While most businesses today have started to embrace the cloud as an essential business tool, integrating a successful cloud strategy still remains a challenge. In order for businesses to thrive in what Gartner research calls the "second decade" of the cloud era, it is not enough to simply use the cloud: Businesses must embrace a cloud services broker to deploy an overall strategy for the cloud.
A new report by Frost & Sullivan, titled The Rise of the Cloud Service Broker Model: Helping IT Organizations Transform to Support Digital Business, takes an in-depth look at the cloud broker model, exploring why it is essential for businesses—and how they can adapt this approach.
So what, exactly, is a cloud service broker? According to Tony Bradley, who wrote on the subject for TechRepublic, "the cloud services broker is more of a consolidated cloud app store, or cloud services clearinghouse than a broker. Services like AppDirect and AppTix aggregate cloud services from the vendors they work with, and provide a one-stop-shopping experience that makes it easier for businesses to search for, and find the cloud services they need."
IT leaders today must move beyond procuring and managing corporate technology assets, according to the report, in order to successfully implement digital transformation strategies.
But many organizations are not ready for the challenge.
The report also examined a specific provider, DoubleHorn, which provides a service that helps businesses implement this approach, and how its own platform, BetterClouds, is one available option for businesses interested in taking on a cloud service broker.
"In recent years, the 'IT-as-a-Service' concept has gained favor among forward thinking businesses, with the IT organization acting as a service broker to the business," said Lynda Stadtmueller, vice president of Stratecast and Frost & Sullivan Cloud Computing Services, in a press release. "In this role, IT employees select, deploy, and manage cloud-based services to optimally meet the objectives of their new business stakeholder 'clients.'"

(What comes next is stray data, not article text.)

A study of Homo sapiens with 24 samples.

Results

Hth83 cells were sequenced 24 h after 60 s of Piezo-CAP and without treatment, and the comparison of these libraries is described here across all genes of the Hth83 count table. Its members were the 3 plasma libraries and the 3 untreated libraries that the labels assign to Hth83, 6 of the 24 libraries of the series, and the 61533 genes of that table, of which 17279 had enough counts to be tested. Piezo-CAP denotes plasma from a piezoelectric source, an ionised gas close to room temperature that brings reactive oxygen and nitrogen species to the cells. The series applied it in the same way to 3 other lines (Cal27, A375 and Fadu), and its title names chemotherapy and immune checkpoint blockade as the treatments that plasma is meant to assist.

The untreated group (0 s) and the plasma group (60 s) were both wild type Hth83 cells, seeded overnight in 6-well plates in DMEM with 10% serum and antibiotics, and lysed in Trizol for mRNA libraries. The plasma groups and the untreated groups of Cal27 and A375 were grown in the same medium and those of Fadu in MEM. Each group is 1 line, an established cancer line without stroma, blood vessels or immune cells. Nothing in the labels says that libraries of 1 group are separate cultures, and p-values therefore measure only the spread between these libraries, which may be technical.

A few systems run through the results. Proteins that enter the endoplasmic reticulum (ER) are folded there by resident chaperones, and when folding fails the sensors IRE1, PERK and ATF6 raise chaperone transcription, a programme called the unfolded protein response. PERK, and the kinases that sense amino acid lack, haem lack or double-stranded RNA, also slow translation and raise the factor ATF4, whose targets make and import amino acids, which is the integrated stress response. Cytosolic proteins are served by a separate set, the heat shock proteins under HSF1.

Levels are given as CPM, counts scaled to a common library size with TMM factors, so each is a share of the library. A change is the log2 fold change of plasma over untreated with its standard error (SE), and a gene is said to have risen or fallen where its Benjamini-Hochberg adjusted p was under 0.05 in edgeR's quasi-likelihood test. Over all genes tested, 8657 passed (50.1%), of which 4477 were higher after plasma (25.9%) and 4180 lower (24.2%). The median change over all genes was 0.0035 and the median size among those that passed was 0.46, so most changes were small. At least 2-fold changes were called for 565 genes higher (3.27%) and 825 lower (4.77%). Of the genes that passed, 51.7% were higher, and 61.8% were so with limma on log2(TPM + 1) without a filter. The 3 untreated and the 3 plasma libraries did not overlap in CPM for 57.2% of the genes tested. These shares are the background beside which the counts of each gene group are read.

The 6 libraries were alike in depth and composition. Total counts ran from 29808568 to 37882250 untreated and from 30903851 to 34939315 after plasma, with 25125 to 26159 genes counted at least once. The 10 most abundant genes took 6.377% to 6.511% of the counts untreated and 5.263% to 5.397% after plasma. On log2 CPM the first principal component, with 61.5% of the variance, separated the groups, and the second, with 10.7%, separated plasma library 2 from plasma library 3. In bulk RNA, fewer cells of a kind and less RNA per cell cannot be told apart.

According to the report, the cloud service broker "accepts responsibility for ensuring that workloads are running in the optimal cloud environment, not just at time of implementation, but continually - and therein lies the challenge." The role, the report states, is for constant monitoring and tweaking, in order to ensure peak performance.
"Fundamental to the model is a comprehensive technology platform," said Stadtmueller in the report, "which supports key functions required by a service broker, from initial assessment and comparison, to procurement, to management and cost optimization, across cloud service providers."
As businesses continue to integrate cloud strategy into their digital transformation initiatives, service broker technology—like BetterClouds and others like it—can present a great option to help make the transition go smoothly.
The 3 big takeaways for TechRepublic readers
1. While many enterprises understand the value of the cloud and begun using it, many still struggle with implementing a cloud strategy.
2. A new report by Frost & Sullivan, titled The Rise of the Cloud Service Broker Model: Helping IT Organizations Transform to Support Digital Business, explores how a cloud broker can help businesses use what TechRepublic contributor Tony Bradley calls a "one-stop-shopping experience that makes it easier for businesses to search for, and find the cloud services they need."
3. A cloud service broker will continually ensure that "workloads are running in the optimal cloud environment," according to the report, and tweak activity to maintain peak performance.
- AWS isn't the cheapskate's cloud, and Amazon doesn't care (TechRepublic)
- Snap commits to spending $1B with AWS (ZDNet)
- 5 steps for a successful large-scale cloud migration to AWS (TechRepublic)
- AWS' Snowmobile data transport truck highlights why cloud giant is so damn disruptive (ZDNet)
- Cloud Data Storage Policy Template (Tech Pro Research)
Hope Reese has nothing to disclose. She doesn't hold investments in the technology companies she covers.
Hope Reese is a Staff Writer for TechRepublic. She covers the intersection of technology and society, examining the people and ideas that transform how we live today.